There is no debate.
Aaron Murray is the most prolific passer in SEC history.
Entering Saturday's game with Appalachian State, the Georgia senior held two SEC career records — one for passing yards and one for total offense. He would leave with another.
In the second quarter of Georgia's (6-3, 4-2 SEC) 45-6 win against the Mountaineers (2-8), a 23-yard touchdown pass from Murray to Michael Bennett gave the quarterback 115 career touchdown passes, one more than Florida's Danny Wuerffel, who set the record for SEC career touchdown passes between 1993 and 1996.
But Murray isn't as excited about records as he is about being able to stop talking about them.
"I'm more glad that it's over and we can move on and I don't have to worry about that question anymore, not just from [the media] but also others," Murray said.
Receiver Rantavious Wooten — who caught the touchdown that tied Murray with Wuerffel's record in the first quarter — is happy to be a part of the legacy that Murray and this Georgia offense is leaving.
"It's a great feeling. I came in with that guy," Wooten said. "We've had some ups, some downs, some adversity and some good times. So it feels good to be a part of his legacy."
Wooten has been on the receiving end of seven of Murray's 115 touchdown throws.
"It's pretty good to know my name will be mentioned with Aaron Murray," he said. "He's going to go down in history."
Murray — who finished the game 19-26 for 281 yards, two touchdowns and an interception — broke the record in his 50th consecutive start. That amount of playing time is rare for a quarterback and part of what enabled him to break so many records.
"It is a huge honor to be out there and be lucky enough to play four years here and that's the biggest thing," Murray said. "You have to be able to go somewhere and play for a significant amount of time, and I've had that opportunity here. I get to play in a great offense that really allows me to move the ball around and make plays with great [players] around me."
Offensive coordinator Mike Bobo held the same sentiments as Murray, and while he knows how skilled his quarterback is, he understands career records are, many times, feats of longevity.
"When you play as much as he has and have been as successful as he has you're going to get the chance to break records," Bobo said.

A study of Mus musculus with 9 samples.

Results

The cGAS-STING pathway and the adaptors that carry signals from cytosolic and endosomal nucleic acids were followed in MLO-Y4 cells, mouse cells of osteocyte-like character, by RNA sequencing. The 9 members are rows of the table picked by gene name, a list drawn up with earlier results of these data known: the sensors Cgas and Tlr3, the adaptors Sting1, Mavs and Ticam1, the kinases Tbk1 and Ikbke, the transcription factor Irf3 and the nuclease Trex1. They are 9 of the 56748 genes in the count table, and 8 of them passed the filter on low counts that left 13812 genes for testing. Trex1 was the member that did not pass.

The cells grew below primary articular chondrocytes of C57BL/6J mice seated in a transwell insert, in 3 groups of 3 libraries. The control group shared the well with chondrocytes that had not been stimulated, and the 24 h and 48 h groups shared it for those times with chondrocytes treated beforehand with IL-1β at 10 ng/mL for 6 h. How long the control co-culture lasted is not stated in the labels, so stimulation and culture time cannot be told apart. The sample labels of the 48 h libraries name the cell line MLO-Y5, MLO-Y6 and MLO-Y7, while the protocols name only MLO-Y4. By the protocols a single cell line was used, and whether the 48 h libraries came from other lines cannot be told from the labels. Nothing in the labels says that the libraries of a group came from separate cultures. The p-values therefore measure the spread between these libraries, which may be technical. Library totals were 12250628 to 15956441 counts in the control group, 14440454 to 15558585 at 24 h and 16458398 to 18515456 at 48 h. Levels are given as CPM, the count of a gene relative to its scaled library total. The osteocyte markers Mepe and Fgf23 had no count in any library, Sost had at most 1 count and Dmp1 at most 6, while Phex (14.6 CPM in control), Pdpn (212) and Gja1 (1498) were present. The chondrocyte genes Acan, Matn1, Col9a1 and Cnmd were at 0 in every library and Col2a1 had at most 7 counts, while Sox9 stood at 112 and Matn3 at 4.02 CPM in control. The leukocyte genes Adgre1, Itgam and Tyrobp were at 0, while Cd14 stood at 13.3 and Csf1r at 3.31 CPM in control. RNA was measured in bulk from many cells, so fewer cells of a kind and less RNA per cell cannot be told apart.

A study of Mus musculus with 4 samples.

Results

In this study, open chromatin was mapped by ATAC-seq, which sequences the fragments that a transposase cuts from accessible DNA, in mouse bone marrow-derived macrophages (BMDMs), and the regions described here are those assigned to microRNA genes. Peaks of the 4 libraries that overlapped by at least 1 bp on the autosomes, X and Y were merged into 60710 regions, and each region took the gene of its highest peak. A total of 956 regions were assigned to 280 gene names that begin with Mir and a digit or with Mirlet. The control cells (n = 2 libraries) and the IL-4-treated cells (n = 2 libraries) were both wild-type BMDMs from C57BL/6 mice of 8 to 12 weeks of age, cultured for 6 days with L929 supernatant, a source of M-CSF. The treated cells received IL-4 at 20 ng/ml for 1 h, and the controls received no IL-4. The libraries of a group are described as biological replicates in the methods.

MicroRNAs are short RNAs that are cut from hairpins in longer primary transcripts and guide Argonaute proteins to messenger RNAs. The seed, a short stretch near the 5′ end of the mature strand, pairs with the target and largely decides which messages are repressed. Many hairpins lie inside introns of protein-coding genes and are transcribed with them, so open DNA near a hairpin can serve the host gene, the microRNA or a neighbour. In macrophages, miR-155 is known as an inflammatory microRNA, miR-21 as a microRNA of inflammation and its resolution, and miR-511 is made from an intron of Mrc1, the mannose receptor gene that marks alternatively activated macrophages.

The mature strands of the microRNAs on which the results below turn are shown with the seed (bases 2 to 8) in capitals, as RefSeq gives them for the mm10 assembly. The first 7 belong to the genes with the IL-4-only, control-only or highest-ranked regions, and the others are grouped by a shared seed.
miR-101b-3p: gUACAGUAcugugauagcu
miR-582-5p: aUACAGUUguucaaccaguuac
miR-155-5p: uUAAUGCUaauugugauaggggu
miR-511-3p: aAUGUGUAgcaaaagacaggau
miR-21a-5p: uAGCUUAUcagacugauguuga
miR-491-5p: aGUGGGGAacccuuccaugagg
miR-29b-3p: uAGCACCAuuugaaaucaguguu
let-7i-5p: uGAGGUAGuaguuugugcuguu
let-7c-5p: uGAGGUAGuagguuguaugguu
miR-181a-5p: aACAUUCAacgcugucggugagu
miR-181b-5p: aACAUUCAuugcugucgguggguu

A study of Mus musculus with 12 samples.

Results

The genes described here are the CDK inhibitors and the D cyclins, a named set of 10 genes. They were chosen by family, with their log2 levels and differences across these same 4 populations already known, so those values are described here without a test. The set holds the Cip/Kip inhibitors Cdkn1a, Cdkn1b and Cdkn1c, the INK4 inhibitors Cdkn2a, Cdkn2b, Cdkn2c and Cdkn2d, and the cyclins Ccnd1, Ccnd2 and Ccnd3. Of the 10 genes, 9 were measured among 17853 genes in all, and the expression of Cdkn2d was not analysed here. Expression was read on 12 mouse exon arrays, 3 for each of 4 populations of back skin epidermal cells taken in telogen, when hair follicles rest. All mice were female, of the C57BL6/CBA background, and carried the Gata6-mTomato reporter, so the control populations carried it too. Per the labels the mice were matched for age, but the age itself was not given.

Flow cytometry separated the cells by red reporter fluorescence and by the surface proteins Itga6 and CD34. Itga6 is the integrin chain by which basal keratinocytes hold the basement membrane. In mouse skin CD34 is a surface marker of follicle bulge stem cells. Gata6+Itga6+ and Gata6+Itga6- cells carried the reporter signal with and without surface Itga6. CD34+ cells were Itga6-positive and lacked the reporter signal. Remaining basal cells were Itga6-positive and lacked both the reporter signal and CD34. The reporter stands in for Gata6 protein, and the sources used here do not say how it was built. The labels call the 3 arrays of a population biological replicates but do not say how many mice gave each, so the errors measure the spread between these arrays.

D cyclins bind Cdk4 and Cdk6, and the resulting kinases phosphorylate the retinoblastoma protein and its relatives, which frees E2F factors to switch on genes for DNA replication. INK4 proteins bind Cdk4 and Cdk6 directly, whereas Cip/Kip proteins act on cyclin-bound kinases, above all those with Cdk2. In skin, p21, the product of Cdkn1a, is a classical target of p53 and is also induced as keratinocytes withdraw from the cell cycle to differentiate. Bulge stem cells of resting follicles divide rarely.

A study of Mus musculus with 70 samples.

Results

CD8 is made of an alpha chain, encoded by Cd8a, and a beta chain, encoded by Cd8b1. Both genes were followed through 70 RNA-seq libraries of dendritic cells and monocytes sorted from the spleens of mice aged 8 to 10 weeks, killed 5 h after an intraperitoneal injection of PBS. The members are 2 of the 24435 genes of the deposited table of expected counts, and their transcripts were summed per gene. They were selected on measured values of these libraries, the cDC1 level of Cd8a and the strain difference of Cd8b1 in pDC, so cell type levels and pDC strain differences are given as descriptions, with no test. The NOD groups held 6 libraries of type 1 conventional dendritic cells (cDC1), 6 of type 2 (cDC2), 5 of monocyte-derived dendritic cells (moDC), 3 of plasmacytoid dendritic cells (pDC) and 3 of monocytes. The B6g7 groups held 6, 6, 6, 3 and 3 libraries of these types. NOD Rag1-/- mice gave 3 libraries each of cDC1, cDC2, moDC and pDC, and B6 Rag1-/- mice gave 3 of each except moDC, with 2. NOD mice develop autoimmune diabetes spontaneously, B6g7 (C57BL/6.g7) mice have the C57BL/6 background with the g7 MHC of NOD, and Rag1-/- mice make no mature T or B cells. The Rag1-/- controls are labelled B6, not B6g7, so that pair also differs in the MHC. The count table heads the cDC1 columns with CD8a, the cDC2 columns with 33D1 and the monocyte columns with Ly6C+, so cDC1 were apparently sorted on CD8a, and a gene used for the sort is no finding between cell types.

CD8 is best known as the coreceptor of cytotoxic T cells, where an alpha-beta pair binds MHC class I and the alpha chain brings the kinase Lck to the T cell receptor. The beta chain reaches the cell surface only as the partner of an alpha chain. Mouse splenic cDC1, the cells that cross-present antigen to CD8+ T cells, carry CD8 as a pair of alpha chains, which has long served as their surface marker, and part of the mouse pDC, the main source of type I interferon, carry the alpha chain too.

But just showing up Saturdays didn't get Murray any records. Many of his teammates and coaches praise his work ethic and note the amount of time he spends preparing for each game.
"I've really never been around anyone like him at any position. He'll be there 9 a.m. [Sunday] studying the tape, getting ready for Auburn," Bobo said. "His preparation each week these past five years is why he's excelled. I'm just real proud of him and what he's done."
One player who knows the level of Murray's commitment is Wooten. The two were signed by the Bulldogs in 2009, so Wooten has seen every step of Murray's progression.
"You don't wake up one morning and say, 'I'm going to throw 115 touchdown passes,'" Wooten said.
Freshman wide receiver Reggie Davis only has been on the team one season of Murray's run at quarterback, but he understands the rare opportunity he has this season to play with one of the best quarterbacks to ever play in the SEC.
"Congrats to Aaron Murray. It's an honor [to catch touchdown passes from him] because not everyone gets to play with a quarterback like him," Davis said. "He's been here four years and knows the system like the back of his hand."
Davis also knows how much of an advantage a veteran quarterback such as Murray can give a young receiver. After all, it was Davis who was on the receiving end of a 98-yard bomb by Murray against North Texas earlier this season — a pass that set the record for longest play from scrimmage in school history.
"He can bail you out of situations because he's experienced and he knows what to do," Davis said. "He'll look out for the young guys, too."
Apart from his arm, Murray has also shown some ability to run the ball over the years. He took a designed run 57 yards against Tennessee and put his wheels to use in a scramble against the Mountaineers.
The scramble in the third quarter resulted in Murray a run to the left, where he shook a few Appalachian State defenders, cut back inside and scooted up the field 23 yards before falling to the ground, miraculously untouched.
"I think we needed it," Bobo said of the run. "We needed him to make some plays with his legs. When they're dropping everybody and getting real deep in coverage it allows you to make some plays with your legs. That really gave us a lift in the second half."
Murray's SEC record of 115 career touchdown passes is an individual one, but there was a man on the end of each one of those passes. So it's not a surprise Georgia head coach Mark Richt saw Murray's record-breaking touchdown to Bennett not as an individual achievement, but one for the team.
"It's great for Aaron, and it's great for Michael to be on the receiving end of it. A record like that reflects the blocking, the catching, the schemes drawn up by the coaches — everything," Richt said. "It's a feather in everybody's cap right now."